From the Desk of David Clark
Wow! Many thanks to all those who sent best wishes and encouragement in response to the previous (first) newsletter. It is excellent to see so many people in the industry commited to the future of UNIX.
Our 'go-live' day looms closer, the 16th of July, even though DAVROM CONSULTING has been running since the 1st June. (If you need help now and can wait till after hours, normal daytime rates apply until July 16th.)
Caldera/SCO Seminar in Brisbane
As always, after being pumped up at the latest Caldera/SCO seminar, I have included here a few key points that may be of interest to some.
Caldera offer five main products that were highlighted at the seminar - each having a specific role in a LAN or WAN. Caldera offer a completely tested and static release of Linux utilities putting an end to needing to surf the web for assistance with software modules and it removes the need to being familiar with software compiling to get software to run - both of these issues are a common problem with the free versions of Linux out there. Caldera mean business and offer a commited support avenue for customers.
The first main product is OpenLinux Server which fits into the Internet/intranet web (Apache) and network space delivering features such as a fully "ready out of the box" 'secure' web server, file and print server for Microsoft LANs (Samba) and e-mail server (Sendmail). Designed with feature rich utilities such as Webmin, Caldera's product offers a complete business based server that is easy to configure and administer.
The second product is OpenLinux Workstation which is ideal for software developers, web developers or Linux desktop users offering fully functioning software such as gcc, g++, Java (JSP & EJB), PHP, Perl, Gimp, Quanta and many more.
Built on the Linux 2.4 kernel it offers the developer or MS Windows alternative user applications such as Netscape 4.77, Kmail and all KDE utilities, Java JDK 1.3, Realplayer 8.0, Adobe Acrobat Reader and heaps more.
Caldera OpenServer is what we currently know as SCO OpenServer and is continuing a life time on the 32bit hardware platform - which means it will be around for a while yet. This was especially great to see this continued support for what would be the most widely installed Intel commercial UNIX throughout the world - sounds biased don't I. Go OpenServer....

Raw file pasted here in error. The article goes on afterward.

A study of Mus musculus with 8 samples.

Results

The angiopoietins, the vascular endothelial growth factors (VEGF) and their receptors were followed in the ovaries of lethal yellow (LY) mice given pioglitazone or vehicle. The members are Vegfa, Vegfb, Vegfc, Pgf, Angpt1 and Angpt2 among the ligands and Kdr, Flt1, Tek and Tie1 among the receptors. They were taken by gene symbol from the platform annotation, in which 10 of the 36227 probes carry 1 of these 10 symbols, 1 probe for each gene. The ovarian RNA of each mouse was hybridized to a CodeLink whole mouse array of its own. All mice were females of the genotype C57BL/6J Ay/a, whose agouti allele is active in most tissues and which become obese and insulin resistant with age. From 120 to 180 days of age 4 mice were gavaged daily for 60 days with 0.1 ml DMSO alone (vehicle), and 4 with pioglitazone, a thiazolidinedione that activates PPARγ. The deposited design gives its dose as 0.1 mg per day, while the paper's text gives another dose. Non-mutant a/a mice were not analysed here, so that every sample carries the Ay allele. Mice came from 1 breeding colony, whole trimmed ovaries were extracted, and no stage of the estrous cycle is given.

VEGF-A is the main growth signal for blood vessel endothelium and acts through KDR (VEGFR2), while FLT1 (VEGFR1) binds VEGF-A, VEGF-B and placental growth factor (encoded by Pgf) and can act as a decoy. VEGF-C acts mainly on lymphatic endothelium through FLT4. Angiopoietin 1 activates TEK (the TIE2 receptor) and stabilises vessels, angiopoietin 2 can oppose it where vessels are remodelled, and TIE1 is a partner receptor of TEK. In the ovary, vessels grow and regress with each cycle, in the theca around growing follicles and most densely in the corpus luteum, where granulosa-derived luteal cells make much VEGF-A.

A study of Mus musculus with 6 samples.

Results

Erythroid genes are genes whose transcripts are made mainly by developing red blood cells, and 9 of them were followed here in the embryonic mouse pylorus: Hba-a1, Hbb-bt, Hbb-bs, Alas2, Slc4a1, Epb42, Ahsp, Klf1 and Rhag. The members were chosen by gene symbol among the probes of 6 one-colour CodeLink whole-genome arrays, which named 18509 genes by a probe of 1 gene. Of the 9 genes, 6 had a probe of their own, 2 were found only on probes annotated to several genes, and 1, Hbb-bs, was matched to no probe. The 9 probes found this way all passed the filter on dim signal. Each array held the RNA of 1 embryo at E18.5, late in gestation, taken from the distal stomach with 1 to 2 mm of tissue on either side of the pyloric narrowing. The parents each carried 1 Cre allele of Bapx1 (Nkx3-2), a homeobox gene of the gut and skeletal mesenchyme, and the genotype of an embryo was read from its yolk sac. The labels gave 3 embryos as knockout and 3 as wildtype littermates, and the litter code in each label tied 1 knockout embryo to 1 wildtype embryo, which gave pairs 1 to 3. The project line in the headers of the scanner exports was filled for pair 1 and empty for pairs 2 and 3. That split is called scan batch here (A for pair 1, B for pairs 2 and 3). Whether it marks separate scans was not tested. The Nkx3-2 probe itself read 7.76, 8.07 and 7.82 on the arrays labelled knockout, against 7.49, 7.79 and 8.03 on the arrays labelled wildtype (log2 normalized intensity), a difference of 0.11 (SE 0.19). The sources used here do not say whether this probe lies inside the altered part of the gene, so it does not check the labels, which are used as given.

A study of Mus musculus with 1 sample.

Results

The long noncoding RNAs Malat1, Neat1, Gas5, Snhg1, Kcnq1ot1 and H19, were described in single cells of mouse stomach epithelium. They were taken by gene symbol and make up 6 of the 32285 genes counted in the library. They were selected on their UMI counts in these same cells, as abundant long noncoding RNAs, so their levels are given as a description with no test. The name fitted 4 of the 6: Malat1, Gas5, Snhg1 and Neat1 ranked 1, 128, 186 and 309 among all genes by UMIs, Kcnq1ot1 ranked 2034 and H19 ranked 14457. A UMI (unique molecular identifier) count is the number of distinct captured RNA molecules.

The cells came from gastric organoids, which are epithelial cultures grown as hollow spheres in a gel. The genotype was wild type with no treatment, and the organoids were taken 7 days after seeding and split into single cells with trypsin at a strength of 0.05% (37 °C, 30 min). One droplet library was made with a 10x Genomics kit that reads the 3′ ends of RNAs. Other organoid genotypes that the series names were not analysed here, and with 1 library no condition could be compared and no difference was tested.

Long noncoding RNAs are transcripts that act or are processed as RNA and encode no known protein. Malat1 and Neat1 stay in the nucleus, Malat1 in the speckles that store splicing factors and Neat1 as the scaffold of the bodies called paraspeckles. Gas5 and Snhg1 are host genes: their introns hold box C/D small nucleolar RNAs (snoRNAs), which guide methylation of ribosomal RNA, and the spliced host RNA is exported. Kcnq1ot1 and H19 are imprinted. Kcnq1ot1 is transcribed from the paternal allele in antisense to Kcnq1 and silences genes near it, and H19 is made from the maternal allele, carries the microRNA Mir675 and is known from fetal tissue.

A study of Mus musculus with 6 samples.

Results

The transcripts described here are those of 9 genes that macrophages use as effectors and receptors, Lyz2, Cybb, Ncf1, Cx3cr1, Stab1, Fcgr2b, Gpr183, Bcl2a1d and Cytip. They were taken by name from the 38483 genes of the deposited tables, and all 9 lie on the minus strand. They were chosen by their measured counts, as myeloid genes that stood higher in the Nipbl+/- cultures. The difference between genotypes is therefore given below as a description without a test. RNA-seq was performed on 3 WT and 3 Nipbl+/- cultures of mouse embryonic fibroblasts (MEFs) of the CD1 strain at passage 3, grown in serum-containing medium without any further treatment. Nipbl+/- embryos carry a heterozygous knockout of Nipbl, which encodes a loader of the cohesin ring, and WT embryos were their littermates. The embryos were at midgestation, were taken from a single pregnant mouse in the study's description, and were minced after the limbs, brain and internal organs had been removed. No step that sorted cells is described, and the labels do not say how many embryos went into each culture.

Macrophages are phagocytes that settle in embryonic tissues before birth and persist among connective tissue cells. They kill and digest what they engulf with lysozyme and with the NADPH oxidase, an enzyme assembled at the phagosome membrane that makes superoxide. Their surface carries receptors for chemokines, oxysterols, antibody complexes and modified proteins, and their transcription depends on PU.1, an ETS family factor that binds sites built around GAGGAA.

Caldera Open UNIX 8 is what we previously know as SCO Unixware7 and continues to offer the mid to high end install base a robust UNIX for mission critical business requirements - continuing down the path of Unixware7, this is the 64bit capable platform that competes directly with the RISC based UNIX platforms. One exceptional feature is its ability to run Linux binaries directly owing to its new LKP (Linux Kernel Personality) design - this is nothing like 'lxrun' for OpenServer, it does not require you to run in any type of 'emulation' mode.
Caldera Volution is a great administrator tool that allows web based administration of Linux (all Linux versions), OpenServer and Open UNIX 8 servers. Administrators can view server performance, remotely administer Linux software (RPM) and keeps hardware/software configuration information of each server. It operates as a Secure Web-based management tool and therefore can access servers internally and on the Internet.
I have basically covered most of the product offerings but one that caught my attention was a revitalised product, ReliantHA, has now been re-introduced to offer customers the maximum uptime with complete system failover solutions. NCS is not something that will be continued and ReliantHA is the favoured solution in the redundant server arena.
If you have any questions concerning the seminar information please feel free to contact me to discuss your UNIX options.
I missed my Korn Shell under Linux and even downloaded a GNU version to give me the env I love - but I have found 'bash' can behave, at least at the command line, just like my beloved Korn Shell.To use bash like Korn simply type:
set -o vi
Will share more bits I dig out of 'bash' as time goes on.